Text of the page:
For instance, on Sunday the new Speaker of the House, John Boehner, explained on Fox News that the Republicans would push for spending cuts regardless of the imminent coming of the debt ceiling, and he was then pilloried by a Fox News writer. Boehner said:
If the president is going to ask us to increase the debt limit, then he’s going to have to be willing to cut up the credit cards. I think our team has been listening to the American people. They want us to reduce spending, and there is no limit to the amount of spending that we’re willing to cut.
Afterward an anonymous writer for Fox launched into unreality by explaining that only the Congress can approve taking on more debt: “If it doesn’t approve raising the ceiling, then the U.S. will default on its loans and lose its standing as the globe’s most reliable bet.” As Erick Erickson of Redstate.com exclaimed, “There is no other way to put this than it is an out and out lie!” (Emphasis added.)
Just because the bank has pulled the credit cards from the government (to expand on Boehner’s analogy) doesn’t mean the government won’t have the money to continue making the minimum payments, as noted by newly elected Senator Pat Toomey (R-Pa.) during an interview with Neil Cavuto:
The debt service, [the] interest on our debt, is about 6 percent of everything the federal government has to pay. So we would be taking in enough revenue to cover more than 10 times all the interest we owe. There is no reason we would have to default on our interest obligations….
Now, there are vendors who would have to wait to be paid. There are probably employees of the federal government who would have to wait to get paid. This [would result in] lots of dislocation. I am not suggesting that this is a desirable path, but I am suggesting that we have to get serious about getting our budget under control.
President Clinton used the same falsehood to frighten Congress when it threatened to refuse to raise the debt ceiling. As the Economist noted, “In early 1996, Bill Clinton warned that because the debt ceiling had not been raised, Social Security cheques might be late. This scared Congress into passing [an] increase in the debt ceiling.”
It’s helpful to note and understand the difference between hitting the debt ceiling, and defaulting. When the debt ceiling is hit in 49 days, the U.S. government will not be able to issue any new debt securities. But it most certainly will have the income to pay the interest due on its existing debt, and will also be able easily to “roll over” debt issues that are coming to maturity.
Default, on the other hand, is changing the terms of the deal midstream. Since a debt instrument is a contract, any failure to keep any part of the contract, puts it into default. It could be something as simple as delaying an interest payment, or by failing to renew the contract at its maturity date. For example, any change to the promise to pay benefits from a pension plan, puts that contract into default. It may, of course, be “cured” by the other parties to the contract agreeing with the changes.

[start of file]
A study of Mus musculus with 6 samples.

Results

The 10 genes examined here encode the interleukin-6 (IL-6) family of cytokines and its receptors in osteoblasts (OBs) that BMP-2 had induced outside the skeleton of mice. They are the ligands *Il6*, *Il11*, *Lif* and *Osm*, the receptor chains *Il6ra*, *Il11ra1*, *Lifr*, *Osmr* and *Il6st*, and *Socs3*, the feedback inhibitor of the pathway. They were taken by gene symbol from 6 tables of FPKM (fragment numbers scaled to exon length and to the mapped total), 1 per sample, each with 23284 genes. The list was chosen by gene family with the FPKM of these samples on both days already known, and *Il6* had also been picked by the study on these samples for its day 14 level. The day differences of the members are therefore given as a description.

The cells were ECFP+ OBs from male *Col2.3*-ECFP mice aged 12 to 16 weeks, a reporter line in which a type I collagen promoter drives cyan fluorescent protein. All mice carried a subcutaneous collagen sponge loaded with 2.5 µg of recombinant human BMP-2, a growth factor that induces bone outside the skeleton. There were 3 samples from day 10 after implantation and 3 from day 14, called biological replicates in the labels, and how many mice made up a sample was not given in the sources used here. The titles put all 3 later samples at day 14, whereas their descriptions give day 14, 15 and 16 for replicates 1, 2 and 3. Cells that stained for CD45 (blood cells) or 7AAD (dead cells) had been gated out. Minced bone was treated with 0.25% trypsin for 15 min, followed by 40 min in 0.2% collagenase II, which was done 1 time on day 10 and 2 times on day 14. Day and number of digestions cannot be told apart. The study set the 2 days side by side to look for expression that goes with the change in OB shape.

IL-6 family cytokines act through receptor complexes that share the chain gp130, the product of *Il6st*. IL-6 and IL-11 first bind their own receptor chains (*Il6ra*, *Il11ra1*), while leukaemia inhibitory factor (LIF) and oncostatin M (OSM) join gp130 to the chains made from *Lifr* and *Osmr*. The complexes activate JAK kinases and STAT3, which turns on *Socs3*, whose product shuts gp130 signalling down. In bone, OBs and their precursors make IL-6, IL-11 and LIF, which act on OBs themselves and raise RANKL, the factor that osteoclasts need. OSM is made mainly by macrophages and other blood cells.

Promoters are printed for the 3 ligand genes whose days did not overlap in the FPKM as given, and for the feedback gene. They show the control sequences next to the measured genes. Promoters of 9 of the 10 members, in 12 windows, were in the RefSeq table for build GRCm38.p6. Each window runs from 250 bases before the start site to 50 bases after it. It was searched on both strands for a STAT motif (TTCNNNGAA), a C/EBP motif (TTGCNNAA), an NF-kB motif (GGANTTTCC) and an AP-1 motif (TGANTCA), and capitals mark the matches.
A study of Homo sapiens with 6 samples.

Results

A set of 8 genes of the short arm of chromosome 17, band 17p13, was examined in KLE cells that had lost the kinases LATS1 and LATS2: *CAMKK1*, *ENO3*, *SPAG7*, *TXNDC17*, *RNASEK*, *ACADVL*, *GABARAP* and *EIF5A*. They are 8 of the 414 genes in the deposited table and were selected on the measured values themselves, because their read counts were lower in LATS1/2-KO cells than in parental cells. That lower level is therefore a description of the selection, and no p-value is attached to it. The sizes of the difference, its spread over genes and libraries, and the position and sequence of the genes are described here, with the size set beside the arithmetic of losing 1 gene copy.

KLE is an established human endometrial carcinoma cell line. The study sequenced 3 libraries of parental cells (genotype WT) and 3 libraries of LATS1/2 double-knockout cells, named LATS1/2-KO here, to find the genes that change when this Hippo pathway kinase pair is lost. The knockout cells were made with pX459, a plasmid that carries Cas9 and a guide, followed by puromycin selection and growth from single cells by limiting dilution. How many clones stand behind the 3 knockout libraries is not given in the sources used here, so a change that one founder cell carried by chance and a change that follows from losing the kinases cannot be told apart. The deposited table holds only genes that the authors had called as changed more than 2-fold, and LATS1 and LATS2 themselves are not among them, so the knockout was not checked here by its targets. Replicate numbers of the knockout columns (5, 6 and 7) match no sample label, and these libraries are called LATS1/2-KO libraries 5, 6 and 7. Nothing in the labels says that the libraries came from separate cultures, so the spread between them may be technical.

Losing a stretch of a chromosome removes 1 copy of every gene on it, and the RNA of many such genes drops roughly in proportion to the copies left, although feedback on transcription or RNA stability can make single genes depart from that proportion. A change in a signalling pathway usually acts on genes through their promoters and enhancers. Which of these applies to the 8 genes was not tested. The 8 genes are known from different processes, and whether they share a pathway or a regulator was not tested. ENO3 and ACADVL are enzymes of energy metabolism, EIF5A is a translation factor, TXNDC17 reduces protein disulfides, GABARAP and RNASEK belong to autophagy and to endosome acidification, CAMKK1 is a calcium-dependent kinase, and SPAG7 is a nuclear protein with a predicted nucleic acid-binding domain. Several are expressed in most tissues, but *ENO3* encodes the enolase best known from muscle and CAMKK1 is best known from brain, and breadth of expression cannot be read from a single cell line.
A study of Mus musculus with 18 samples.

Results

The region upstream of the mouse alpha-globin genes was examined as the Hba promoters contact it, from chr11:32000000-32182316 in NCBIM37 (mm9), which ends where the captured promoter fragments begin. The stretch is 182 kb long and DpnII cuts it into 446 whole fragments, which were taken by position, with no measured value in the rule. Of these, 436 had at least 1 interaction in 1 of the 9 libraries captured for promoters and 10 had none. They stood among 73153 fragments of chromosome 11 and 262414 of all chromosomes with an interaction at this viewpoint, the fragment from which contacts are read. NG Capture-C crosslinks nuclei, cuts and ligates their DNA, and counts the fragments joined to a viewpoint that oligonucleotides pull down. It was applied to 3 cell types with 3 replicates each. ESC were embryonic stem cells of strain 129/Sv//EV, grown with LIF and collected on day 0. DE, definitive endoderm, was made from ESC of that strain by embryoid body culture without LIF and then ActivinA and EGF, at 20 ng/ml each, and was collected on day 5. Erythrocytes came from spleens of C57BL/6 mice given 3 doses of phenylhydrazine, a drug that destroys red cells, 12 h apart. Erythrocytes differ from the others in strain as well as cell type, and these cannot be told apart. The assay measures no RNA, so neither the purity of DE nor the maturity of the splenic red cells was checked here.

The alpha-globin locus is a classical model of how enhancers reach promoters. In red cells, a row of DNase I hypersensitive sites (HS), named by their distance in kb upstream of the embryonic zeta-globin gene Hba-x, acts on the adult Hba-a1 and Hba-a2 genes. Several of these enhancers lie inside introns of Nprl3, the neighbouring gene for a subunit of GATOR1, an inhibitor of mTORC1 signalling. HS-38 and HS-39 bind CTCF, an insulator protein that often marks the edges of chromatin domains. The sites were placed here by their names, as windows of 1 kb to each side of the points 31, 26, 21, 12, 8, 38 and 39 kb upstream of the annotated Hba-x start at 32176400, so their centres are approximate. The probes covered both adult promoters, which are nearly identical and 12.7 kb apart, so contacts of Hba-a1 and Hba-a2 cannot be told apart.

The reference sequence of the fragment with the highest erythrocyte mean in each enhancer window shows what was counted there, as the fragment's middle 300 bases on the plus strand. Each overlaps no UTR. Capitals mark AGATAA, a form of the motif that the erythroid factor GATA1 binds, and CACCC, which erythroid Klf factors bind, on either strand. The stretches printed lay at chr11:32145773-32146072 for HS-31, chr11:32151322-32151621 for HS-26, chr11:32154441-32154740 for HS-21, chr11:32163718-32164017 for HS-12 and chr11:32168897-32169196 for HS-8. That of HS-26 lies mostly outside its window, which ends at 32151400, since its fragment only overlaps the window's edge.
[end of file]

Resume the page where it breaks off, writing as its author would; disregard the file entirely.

But such a difference doesn’t deter writers such as those at the Economist who asked, rhetorically,
How can the world’s most powerful economy not pay its bills on time? Even a brief default on Treasury debt would be unprecedented, with widespread systemic ramifications. Would banks around the world have to classify Treasury holdings as non-performing? Would money-market mutual funds break the buck? Would all federal entities lose their AAA-credit rating? Would the Federal Deposit Insurance Corporation’s ability to backstop the nation’s banks come into question? Would foreign central banks start to shift out of dollars?
Felix Salmon at Reuters provides clarity here: If the debt ceiling were reached but not raised, “It stands to reason that just about any other form of government spending would get cut before [Treasury Secretary] Tim Geithner dreamed of defaulting on [its] risk-free bonds.”
Putting this into proper perspective then means that if the ceiling were reached without extension, life in the debt markets would likely continue much as it did before. Measures of risk, such as the stock market’s volatility index and increases in interest rates on government bonds, have remained subdued. Professionals who trade these markets daily are unconcerned. So to use the ceiling as a call for compromise by those recently elected to Congress to stop government spending beyond its means is more than a little disingenuous. If those members who made those promises actually keep them, and begin to force the government genie back into its constitutional bottle, then risk premiums based upon concerns about the country’s ability to pay its bills will likely remain quiescent, and may even decline further.